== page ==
Today, Rep. Chris Stewart (R-UT) wrote an op-ed in Newsweek on the fundamental shift in America’s political factions: Democrats now represent the interests of big corporations, and Republicans are the proud defenders of the American worker.
“As the Democrat Party applauds corporate America for its woke left turn, it’s likely that the two will only become more and more intertwined. Big business is no longer the defender of a free economy—its interest is in making an ally of the party currently in power. This solidified a shift that has been in the making for quite some time: Democrats reside on Wall Street; Republicans have made their way to Main Street.” Rep. Stewart writes.
Earlier this month, in an alarming development, dozens of CEOs gathered for a strategy session to discuss how they might use their power to influence voting legislation. They’re dressing it as a noble effort to “shore up American democracy.” In reality, they’re launching an active campaign, based on deception and misinformation, to help Democrats win more elections.
The implicit embrace of Democratic political dominance should send shivers down the spines of America’s small businesses. As corporate giants unite to help Democrats enforce their undeniably radical agenda, small businesses and American workers have the most to lose.
Large companies with billions in reserves and operations in secure markets are aligning themselves with positions hostile to the nation’s workforce and its small business base. Corporations have as much right to a voice in the public square as any other entity, but their sheer dominance threatens to undermine America’s real economic engine—small businesses and the workers they employ.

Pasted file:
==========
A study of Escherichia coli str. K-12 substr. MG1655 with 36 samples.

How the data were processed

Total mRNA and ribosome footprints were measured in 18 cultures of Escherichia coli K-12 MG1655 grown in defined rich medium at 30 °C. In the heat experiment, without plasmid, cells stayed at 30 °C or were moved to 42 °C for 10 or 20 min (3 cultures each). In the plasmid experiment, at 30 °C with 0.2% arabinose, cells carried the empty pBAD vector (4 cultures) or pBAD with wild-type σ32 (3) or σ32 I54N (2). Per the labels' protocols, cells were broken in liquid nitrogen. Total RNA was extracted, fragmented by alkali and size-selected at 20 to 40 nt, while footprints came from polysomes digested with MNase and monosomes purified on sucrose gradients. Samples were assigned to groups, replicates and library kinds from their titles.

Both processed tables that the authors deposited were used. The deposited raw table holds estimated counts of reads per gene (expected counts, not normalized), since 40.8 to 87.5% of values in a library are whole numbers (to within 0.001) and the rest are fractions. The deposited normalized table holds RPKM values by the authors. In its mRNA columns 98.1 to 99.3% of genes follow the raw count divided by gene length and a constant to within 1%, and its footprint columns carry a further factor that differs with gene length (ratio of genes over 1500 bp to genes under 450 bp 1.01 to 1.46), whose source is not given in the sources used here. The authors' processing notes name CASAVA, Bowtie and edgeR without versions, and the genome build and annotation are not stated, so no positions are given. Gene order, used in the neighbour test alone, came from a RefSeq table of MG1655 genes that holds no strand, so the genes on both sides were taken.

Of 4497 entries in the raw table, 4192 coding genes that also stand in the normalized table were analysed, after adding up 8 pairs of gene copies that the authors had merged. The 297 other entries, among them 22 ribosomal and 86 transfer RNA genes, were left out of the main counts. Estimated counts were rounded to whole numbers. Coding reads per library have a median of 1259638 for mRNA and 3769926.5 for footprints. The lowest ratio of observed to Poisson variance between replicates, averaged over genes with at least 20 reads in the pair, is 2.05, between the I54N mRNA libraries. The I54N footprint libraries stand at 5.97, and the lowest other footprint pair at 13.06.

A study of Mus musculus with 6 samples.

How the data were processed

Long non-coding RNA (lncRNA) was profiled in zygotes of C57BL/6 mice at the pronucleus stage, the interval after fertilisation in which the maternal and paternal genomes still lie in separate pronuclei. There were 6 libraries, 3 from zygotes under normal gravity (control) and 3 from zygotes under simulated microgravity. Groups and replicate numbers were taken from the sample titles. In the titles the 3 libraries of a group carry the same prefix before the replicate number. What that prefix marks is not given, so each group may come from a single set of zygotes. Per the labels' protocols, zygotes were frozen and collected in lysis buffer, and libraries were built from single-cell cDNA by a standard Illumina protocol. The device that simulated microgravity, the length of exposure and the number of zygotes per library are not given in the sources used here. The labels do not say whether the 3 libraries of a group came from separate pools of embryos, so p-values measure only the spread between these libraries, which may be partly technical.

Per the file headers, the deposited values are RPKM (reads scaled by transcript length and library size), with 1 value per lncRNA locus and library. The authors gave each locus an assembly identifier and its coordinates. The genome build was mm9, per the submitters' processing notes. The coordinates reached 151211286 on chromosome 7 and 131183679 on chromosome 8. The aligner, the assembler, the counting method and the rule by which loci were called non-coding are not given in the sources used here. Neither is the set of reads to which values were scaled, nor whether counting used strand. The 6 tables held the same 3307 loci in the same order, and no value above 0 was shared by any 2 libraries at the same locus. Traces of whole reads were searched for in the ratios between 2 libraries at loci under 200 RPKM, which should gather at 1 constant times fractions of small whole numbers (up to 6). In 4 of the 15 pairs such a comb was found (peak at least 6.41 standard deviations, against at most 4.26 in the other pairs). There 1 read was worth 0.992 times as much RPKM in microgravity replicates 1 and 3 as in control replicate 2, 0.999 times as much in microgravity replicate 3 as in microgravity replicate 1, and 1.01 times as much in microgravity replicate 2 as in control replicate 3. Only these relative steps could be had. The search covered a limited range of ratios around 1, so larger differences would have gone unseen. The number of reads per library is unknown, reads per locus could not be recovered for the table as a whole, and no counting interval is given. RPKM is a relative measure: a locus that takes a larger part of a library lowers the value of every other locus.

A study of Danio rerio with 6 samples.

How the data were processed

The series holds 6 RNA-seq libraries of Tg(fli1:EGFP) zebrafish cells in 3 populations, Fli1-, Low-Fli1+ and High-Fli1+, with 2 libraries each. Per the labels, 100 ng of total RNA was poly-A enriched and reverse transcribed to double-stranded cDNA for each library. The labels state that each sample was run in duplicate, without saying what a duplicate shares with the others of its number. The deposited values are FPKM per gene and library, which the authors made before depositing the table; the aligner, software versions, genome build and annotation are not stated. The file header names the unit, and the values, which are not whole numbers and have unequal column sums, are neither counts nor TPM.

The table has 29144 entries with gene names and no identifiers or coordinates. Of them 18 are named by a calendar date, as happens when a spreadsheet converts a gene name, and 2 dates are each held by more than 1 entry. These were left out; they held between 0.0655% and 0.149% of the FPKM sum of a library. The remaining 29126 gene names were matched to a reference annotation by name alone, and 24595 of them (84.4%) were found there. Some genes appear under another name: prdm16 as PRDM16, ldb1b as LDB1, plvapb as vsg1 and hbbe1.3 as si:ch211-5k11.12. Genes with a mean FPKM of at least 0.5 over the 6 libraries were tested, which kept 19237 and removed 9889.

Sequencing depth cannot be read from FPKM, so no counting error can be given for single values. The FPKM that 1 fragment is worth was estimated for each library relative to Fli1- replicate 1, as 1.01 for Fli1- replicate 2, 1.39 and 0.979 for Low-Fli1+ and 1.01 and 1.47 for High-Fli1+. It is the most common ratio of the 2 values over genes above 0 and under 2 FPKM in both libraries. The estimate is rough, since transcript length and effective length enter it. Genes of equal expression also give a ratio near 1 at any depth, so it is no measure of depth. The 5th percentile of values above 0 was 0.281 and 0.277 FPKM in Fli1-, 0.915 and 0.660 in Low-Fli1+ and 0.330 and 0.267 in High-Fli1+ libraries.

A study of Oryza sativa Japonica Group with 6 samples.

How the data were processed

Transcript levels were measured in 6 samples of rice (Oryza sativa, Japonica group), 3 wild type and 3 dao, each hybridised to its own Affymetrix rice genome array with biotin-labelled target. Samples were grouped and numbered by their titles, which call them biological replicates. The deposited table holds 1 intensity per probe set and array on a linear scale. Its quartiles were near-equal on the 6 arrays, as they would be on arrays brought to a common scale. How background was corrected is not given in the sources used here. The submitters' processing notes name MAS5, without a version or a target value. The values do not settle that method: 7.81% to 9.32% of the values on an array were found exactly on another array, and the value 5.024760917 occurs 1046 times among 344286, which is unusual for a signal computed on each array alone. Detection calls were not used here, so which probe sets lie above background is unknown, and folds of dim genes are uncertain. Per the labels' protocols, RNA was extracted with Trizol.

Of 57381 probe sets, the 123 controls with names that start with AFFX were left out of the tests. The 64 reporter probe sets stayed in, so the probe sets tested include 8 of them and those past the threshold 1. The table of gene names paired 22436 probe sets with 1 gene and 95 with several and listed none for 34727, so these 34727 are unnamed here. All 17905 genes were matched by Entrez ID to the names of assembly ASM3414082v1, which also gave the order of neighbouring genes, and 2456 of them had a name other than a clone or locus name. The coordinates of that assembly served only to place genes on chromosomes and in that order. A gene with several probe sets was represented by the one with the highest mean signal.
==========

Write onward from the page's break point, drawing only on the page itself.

Working together with academia, big tech, the nonprofit sector and the media, elite CEOs join a conglomeration of Democrat-aligned interests to give government a drastically enlarged role in American life.
Fortunately, American workers and small businesses still hold leverage of their own. Small businesses account for 99.7 percent of all employers, are responsible for about two-thirds of net new job creation and generate nearly half of all economic activity in this country.
They may be seen as the “little guys” compared to their Fortune 100 brethren, but they are the real lifeblood of the American economy. In fact, a 2018 study found that approximately 67 cents for every dollar spent at a small business stay in the local community, something that is certainly not true of big business. This cycle stimulates the economy and promotes the American worker. And this is what the Republican Party is fighting to protect.
Corporations have abandoned the American worker—and their own shareholders—with the endorsement of massive tax hikes and blatant election misinformation. There is no virtue in CEOs’ signaling. They aren’t gaining credit with the woke movement for when it inevitably comes for them. They’re pandering to the anti-business party.
For decades, Republicans were known as the white-collar party of big business. Those times and policies are firmly in the past. By virtue of taking on overreaching governors and bureaucrats, overly restrictive lockdowns, unsustainable energy policies and destructive tax regimes, we have become the proud defenders of the American worker.
The recent meeting of CEOs and Democratic operatives demonstrates their disregard for the “little guys” who are struggling while corporations continue to receive bailouts under the guise of “COVID relief” and “infrastructure.” The meeting may have been billed as non-partisan, but a single, dangerous agenda was clearly present: when voters don’t see things its way, big business will intervene.
As the Democrat Party applauds corporate America for its woke left turn, it’s likely that the two will only become more and more intertwined. Big business is no longer the defender of a free economy—its interest is in making an ally of the party currently in power. This solidified a shift that has been in the making for quite some time: Democrats reside on Wall Street; Republicans have made their way to Main Street. Democrats are for rich CEOs; Republicans are for the American worker.